ATHENS — This was not a fun bye week for Isaiah McKenzie. It was a long one. Fans and media may have blamed his coaches for the ill-fated play that sealed the loss to Vanderbilt.
McKenzie blamed himself.
“That play, it really took a toll on me,” McKenzie said. “So I made a conscious effort not to ever let my teammates down again, like with that fourth-and-1 play.”
The circumstances of the play by now are familiar to Georgia fans. McKenzie’s part in it was as the ball-carrier, going to the right sideline, where alert Vanderbilt inside linebacker Zach Cunningham dragged him down well short of the first down marker.
It’s not clear what else McKenzie could have done. But for the speedy receiver, that play not only was the focal point of Georgia’s humiliating loss, but symbolized the frustration of the past four games.
Three games into his junior season, McKenzie was a breakout star. He was among the SEC leaders in catches and yards, and was the focal point of a stirring victory: The touchdown catch on fourth down at Missouri.
McKenzie through three games: 19 catches for 305 yards and four touchdowns.
McKenzie the next four games: 11 catches for 110 yards and one touchdown.
“I’ve had my highs and my lows,” McKenzie said.
Actually, McKenzie’s numbers have coincided with Georgia’s slip: It went from 3-0 after the win at Missouri to 4-3 entering the Florida game. So what changed?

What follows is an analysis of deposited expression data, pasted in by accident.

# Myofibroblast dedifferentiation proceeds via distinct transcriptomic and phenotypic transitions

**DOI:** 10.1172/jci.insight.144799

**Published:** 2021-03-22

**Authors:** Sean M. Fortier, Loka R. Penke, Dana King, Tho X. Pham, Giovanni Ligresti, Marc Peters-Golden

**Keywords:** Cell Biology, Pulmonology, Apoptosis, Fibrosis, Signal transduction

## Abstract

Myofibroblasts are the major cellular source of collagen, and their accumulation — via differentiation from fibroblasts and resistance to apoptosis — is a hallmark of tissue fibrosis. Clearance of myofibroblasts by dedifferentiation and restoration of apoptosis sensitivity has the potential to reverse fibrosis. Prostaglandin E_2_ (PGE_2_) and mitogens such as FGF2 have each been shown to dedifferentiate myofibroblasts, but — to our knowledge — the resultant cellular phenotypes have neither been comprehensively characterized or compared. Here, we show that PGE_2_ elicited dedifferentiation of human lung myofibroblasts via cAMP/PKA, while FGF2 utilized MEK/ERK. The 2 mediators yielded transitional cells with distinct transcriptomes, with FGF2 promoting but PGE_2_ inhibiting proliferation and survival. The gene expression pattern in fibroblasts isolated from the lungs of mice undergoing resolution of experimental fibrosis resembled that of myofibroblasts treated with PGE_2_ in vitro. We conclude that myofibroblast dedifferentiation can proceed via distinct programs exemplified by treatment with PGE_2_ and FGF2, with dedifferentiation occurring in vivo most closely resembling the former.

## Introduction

“I would say just doubling me in the slot,” said. “And just try to keep me off the perimeter as much as they can, try to keep me off the tackles. And keep me in the tackle box, so I can’t wiggle around. Basically just contain me, and restrict the space I have. Do what I do best and make plays in the open field.”
In fact, McKenzie said he can hear other defenses calling out “there’s No. 16” and then having a safety move over on him.
“We actually hear it in the game,” McKenzie said, smiling and laughing. “And when we hear it, it comes down to me making a play. Yeah, a lot of teams do it.”
Isaiah McKenzie hangs on to the game-winning touchdown catch despite the tight coverage of Missouri’s Aarion Penton. Ed Zurga/Getty Images
Georgia tries to get around it sometimes by running McKenzie; in fact several of his “catches” have actually been jet sweeps or simple forward handoffs. And yes, his rushing average has also decreased: 56 yards on six carries and a touchdown the first three games, 18 yards on 9 carries and no touchdowns the next four games.
Still, it’s evident that Georgia thinks – with much justification – that getting the ball to McKenzie needs to be a focal point of its offense.
“His speed definitely changes the game,” said Georgia senior safety Quincy Mauger, who’s been facing McKennzie in practice for three years. “You’ve definitely got to worry about ankles and that kind of stuff. He’s a great receiver and a great route-runner. He’s a game-changer.”
Senior offensive tackle Greg Pyke joked – sort of – that McKenzie “comes up to about my waist.” (Pyke is 6-foot-5 and McKenzie is 5-7.) But speed makes up for that.
“We like to get him the ball, and when he gets downhill and we block the right guys up front he’s very, very dangerous,” Pyke said.
That in mind, here’s the most important stat for McKenzie thus far: Seven, as in the number of games he’s played. He’s not missed any, after an injury-riddled first two years on campus.
McKenzie did more preventive rehabilitation – before and after practice – concentrating especially on his hamstring.
“Everybody has a few dinks and nicks and everything during the season, but I think I’ve been doing a very good job with injuries,” McKenzie said. “So I hope nothing else happens from here on out.”